Midway through the NetDiligence panel “Wrongful Use and Inadequate Disclosure,” speaker Chris Keegan (Beecher Carlson) offered a remarkable statistic – the amount of data collected in the past two years is greater than all the data collected to that point in history. Fellow panelist John Yanchunis (Morgan and Morgan) called this trove “the oil of the 21st century” – a commodity of unprecedented value. With those ideas in mind, the panel set out to tackle the emerging issues around data collection and to explore how insurance companies must address potential misuse against a backdrop of increased litigation and regulation.
Moderator Mark Mao (Boies Schiller Flexner) led with an invitation to Yanchunis to sum up how litigation has begun to shape this “Wild West” of data collection. Yanchunis stressed that lawsuits have relied on legal definitions of privacy established in 19th century case law, now being retrofitted for the 21st century. It has been difficult to even establish standing to prevent data collection, because standing typically relies on proof that harm has already occurred. However, increased legislation seems likely to follow the passage of CCPA, and Yanchunis predicted that more class actions will be certified as a result.
With the prospect of legal damages and regulatory fines on the horizon, companies will look to cyber insurance to cover these losses. Panelists Laurie Kamaiko (Saul Ewing LLP), Richard Sheridan (Berkley Cyber Risk Solutions), and Chris Keegan turned the discussion to how insurers must approach the question of misuse. Kamaiko recommended investigating the initial data collection – what is the purpose of the data, and is the collector the one misusing? Or is the misuse a result of some third-party relationship? Knowing the answer to that question can help match the policy to the potential conduct. Sheridan added that policies may have a number of ways to deal with wrongful collection – through exclusions, explicit inclusion, or sublimits. Keegan predicted that new statutes will lead to explicit coverage, but that intentional violation of statutes by senior executives may be excluded as these actions may be considered business practices.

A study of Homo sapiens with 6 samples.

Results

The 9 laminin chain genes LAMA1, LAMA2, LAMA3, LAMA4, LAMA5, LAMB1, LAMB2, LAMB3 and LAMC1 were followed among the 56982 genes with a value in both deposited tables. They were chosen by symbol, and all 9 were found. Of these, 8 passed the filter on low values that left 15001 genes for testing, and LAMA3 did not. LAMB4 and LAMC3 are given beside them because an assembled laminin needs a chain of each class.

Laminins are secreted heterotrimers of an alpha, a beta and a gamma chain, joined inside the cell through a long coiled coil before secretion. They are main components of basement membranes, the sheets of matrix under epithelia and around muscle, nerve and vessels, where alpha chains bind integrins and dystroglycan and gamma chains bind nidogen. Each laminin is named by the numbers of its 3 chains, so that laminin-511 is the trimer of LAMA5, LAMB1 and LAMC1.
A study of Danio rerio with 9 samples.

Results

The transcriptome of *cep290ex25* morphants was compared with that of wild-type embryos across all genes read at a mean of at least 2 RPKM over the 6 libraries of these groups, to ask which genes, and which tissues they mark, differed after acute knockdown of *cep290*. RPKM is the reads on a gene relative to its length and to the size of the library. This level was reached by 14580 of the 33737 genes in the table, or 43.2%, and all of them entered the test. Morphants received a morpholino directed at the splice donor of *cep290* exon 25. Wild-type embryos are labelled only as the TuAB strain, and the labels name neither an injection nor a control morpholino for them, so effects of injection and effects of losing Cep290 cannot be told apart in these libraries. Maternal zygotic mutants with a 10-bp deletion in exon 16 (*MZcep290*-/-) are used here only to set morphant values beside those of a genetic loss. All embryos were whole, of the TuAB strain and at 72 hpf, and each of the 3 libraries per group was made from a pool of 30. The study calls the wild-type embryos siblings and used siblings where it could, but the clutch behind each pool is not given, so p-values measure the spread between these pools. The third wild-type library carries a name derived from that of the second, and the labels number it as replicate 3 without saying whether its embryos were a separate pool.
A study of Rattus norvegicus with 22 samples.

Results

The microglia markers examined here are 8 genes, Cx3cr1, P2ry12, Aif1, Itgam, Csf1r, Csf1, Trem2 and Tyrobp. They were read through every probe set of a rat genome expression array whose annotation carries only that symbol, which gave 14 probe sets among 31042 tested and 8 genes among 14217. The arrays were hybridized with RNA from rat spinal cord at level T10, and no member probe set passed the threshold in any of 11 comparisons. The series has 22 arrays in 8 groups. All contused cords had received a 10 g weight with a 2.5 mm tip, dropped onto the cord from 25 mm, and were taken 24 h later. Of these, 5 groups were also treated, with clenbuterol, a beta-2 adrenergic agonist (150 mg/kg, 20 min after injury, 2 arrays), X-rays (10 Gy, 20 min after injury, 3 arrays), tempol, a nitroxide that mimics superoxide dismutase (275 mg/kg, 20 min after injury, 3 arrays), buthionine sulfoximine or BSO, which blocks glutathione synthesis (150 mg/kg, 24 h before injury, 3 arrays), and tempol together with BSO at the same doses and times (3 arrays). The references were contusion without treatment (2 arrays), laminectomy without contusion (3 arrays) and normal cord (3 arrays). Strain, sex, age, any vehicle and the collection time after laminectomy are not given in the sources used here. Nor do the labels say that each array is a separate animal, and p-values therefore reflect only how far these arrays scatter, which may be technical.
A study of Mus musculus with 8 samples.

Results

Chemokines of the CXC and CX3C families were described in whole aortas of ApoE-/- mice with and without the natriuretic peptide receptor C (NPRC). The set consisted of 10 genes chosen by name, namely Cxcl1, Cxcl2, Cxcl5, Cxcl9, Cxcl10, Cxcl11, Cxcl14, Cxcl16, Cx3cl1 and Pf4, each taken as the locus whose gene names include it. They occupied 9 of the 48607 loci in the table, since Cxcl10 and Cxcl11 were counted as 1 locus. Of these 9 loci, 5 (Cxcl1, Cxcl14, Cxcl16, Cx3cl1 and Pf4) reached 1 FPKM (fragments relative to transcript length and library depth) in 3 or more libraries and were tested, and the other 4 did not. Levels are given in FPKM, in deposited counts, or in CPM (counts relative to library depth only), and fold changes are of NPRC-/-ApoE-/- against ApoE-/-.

Discussion of recent lawsuits laid open a number of issues that would affect coverage. What makes data “personal”? Is the collection authorized and is it shared with outside parties? What if data is shared with a third party for one purpose, but the third party uses it for another? Can data use practices be defined as business policy? If there is harm, was the harm intentional, and – equally important – foreseeable? What are the limits of consent when data is collected from a minor?
The panel agreed that companies expect cyber coverage to extend to wrongful use. Additionally, as Sheridan pointed out – as regulations expand and judges become more sympathetic to privacy class actions, insurers may need to reassess how to write and price coverage to account for new uses, potential misuses, and increased loss.